In the world of public relations, there are two kinds of news releases, two kinds of press releases. One kind is startlingly effective, one is mostly a failure.

The news release that comes to mind when you think of the phrase press release is a stock document loaded up with corporate jargon and useless platitudes. Such-and-such company, the industry leading, innovative, fastest growing, announced its new flexible, scalable, award-winning, revolutionary turnkey solution to leverage synergies and best-of-breed strategies. Unsurprisingly, these news releases go mostly unread and certainly go unpublished.

The second kind of news release, the release that stands a reasonable chance of getting traction, is this: a personal note to a journalist or publisher asking if they’d like to hear more about your product/service and what tangible impact it’ll have on the industry. The secret to making this second kind of news release work is a three-part formula:

  1. Actual news. The product must be of legitimate interest to the audience and not just to you. If other people are already asking you about it, unsolicited, chances are it’s news.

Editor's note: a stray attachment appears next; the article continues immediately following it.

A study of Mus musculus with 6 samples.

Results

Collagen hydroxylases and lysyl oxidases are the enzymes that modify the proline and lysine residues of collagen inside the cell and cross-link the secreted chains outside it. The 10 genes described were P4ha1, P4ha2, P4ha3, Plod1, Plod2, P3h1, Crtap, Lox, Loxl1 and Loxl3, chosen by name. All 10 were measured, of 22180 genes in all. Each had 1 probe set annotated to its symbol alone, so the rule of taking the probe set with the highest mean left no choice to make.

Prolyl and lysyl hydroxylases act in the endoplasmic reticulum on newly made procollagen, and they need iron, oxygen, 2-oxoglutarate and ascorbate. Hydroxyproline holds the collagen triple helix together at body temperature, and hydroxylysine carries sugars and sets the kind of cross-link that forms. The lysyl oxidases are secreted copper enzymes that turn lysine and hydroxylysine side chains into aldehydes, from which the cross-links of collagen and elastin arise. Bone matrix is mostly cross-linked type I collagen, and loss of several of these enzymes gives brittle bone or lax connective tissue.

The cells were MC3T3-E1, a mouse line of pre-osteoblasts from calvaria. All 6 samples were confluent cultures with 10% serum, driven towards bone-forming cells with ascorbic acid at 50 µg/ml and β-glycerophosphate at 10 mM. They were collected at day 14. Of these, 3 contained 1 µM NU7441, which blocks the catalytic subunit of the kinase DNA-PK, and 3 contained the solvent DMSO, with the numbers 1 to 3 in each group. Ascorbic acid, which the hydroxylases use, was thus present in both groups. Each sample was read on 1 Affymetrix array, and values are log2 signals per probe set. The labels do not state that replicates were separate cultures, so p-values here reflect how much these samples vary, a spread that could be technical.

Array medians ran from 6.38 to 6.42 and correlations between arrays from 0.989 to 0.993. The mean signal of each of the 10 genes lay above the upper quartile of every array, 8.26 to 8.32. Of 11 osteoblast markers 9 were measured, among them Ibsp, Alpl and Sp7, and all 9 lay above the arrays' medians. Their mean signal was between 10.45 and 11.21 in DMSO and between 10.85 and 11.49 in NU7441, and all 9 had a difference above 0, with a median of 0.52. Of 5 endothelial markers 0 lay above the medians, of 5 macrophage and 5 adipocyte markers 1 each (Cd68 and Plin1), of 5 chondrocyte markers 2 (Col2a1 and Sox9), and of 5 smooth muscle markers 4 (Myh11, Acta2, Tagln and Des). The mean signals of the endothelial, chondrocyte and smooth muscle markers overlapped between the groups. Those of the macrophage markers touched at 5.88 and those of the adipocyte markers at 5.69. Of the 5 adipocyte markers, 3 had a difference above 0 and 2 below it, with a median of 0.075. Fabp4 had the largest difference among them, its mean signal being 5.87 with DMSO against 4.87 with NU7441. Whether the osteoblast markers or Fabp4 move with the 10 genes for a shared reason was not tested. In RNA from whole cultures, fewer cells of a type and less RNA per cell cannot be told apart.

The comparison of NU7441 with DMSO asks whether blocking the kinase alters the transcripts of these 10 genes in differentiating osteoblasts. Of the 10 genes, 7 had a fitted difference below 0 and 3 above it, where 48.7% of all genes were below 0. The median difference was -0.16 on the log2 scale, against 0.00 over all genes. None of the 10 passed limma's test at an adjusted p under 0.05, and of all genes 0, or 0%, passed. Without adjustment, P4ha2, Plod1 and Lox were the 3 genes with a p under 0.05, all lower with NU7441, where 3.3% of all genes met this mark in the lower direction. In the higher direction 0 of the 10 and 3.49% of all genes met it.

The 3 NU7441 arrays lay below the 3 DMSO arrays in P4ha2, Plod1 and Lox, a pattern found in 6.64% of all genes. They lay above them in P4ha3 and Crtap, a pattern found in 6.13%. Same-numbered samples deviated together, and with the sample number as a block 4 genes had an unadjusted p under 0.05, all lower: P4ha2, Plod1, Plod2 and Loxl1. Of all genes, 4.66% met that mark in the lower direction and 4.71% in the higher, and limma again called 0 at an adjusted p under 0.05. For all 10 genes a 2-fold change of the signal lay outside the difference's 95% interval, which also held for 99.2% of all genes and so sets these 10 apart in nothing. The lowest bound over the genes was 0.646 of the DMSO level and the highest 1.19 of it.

2. Personal relationship. You (or your agency) must have cultivated at least a collegial relationship with the journalist, such that they treat your messages as notes from actual friends. When they see your name, they open it.
  3. Opportunity. If you’ve done your homework and built the relationship, you know when certain kinds of stories are needed. You have your finger on the pulse of your industry’s news and have an angle for what you have to share that fits into the news of the day.

The ask is startlingly simple: “Hi (friend’s name). We’re releasing [product name] that will have [impact on the industry]. Would you be interested in covering it?” As long as you have actual news, a personal relationship with the journalist, and have done your homework so that you know there’s a legitimate news opportunity that would benefit the publisher, there’s a good chance you’ll get an interview and possibly coverage out of it.

If your efforts at getting coverage aren’t working, ask if you have real news that’s aligned with an opportunity for a publisher to increase their audience’s engagement or growth and a real relationship with that publisher. Then fix the parts that you’re weakest at!